The Sioux Falls Pheasants finished a four-game sweep of the Gary SouthShore RailCats with a 5-0 win on Monday night at Sioux Falls Stadium.
Sioux Falls (24-18) won its fifth straight and swept a four-game series for the first time since 2010. The Pheasants moved to two games behind first-place Winnipeg in the North Division.
The Pheasants struck for three runs in the first four innings to provide healthy run support for Pheasants starter Mitchell Clegg (3-2). Jonny Kaplan scored on Cesar Nicolas' groundout in the first inning and again plated in the third inning on Jared Bolden's RBI single. Al Quintana made it 3-0 in the fourth inning with a single that drove in Mark Shorey from second base.
Clegg won for the second time in as many starts against the RailCats (16-27). He has shut them out across 13 innings. He allowed just three hits on Monday for his fifth quality start of the season. He also struck out three and walked five in the win.
"It was about pounding the ball in the zone. These guys are going to make all of the plays," said Clegg. "Fortunately, I was able to make enough pitches to roll up double plays and utilize the infield and the defense we have."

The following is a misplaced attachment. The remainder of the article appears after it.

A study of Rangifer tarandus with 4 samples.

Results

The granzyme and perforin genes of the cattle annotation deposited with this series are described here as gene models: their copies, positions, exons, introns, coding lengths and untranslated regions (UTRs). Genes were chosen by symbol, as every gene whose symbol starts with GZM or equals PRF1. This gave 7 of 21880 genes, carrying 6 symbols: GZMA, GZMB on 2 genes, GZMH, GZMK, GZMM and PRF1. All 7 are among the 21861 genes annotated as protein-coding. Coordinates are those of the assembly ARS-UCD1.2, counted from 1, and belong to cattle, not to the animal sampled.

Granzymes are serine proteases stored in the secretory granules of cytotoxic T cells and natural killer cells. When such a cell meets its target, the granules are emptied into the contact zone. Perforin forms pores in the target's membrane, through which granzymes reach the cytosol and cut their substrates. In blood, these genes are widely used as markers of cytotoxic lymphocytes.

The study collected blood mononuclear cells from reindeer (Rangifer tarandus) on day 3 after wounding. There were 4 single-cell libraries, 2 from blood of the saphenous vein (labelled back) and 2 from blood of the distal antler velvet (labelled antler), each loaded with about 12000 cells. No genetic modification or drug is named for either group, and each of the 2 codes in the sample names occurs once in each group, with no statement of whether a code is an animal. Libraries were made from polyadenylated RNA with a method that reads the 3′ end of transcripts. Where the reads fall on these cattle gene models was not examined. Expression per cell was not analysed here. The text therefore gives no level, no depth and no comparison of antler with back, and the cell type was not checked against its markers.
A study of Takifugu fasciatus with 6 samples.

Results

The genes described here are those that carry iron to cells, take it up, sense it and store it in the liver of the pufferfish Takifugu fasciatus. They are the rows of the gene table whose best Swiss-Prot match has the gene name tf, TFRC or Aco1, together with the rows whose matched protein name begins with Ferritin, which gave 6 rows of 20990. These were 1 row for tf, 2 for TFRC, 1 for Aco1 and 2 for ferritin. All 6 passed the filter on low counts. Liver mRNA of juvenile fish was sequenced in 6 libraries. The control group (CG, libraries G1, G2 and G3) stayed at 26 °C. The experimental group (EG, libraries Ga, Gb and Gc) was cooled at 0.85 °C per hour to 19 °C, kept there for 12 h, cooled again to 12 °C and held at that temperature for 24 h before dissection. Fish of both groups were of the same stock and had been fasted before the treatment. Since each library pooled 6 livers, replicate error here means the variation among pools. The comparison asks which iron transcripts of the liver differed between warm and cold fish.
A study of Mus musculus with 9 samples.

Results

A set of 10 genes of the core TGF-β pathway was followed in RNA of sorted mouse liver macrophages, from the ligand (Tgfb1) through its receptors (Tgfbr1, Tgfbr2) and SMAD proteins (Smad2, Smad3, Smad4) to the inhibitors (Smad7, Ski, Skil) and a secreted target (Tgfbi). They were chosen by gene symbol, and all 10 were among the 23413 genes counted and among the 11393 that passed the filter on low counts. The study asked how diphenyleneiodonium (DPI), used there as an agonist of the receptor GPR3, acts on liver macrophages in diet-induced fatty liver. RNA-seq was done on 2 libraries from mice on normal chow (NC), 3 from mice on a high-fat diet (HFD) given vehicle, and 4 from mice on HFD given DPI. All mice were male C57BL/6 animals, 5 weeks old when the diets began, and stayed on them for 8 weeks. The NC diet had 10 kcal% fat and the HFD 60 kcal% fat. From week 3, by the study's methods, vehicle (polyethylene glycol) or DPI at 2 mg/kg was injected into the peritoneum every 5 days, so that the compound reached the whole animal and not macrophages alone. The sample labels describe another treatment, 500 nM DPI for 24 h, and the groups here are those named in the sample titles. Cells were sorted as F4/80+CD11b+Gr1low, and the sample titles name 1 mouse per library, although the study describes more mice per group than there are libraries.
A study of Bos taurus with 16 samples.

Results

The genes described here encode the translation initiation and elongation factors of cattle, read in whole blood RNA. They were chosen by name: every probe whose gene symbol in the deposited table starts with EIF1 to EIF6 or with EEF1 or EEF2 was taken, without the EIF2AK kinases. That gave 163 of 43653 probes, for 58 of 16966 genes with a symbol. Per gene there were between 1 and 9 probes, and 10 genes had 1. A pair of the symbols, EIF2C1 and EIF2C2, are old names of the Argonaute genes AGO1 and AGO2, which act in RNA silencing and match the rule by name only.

The RailCats threatened to score in the sixth inning. Two walks and a single loaded the bases with only one out, but Clegg escaped the jam unscathed.
"Just give yourself a chance," Pheasants pitching coach Mike Meyer said he told Clegg on a mound visit. "Go out there, be aggressive, drive it in the zone and make your pitch."
Clegg induced a flyout and a ground out to end the inning.
Nicolas extended the lead to 4-0 in the seventh inning with timely two-out hitting. After Bolden singled and stole second, Nicolas slapped an RBI single to left to plate Bolden.
Cory Morales put the final run on the board in the eighth inning when the second baseman and centerfielder collided in front of a looping fly ball, bring home Quintana.
Stephen Hiscock (1-4) took the loss in the start for the RailCats. He hurled six innings, giving up three runs on six hits, walking two and striking out two batters.
"If our pitchers can throw strikes and keep the ball down, we have a really good chance of being in the game," Meyer said. "With our offense, if [the pitching staff] gives them a chance, they'll come through."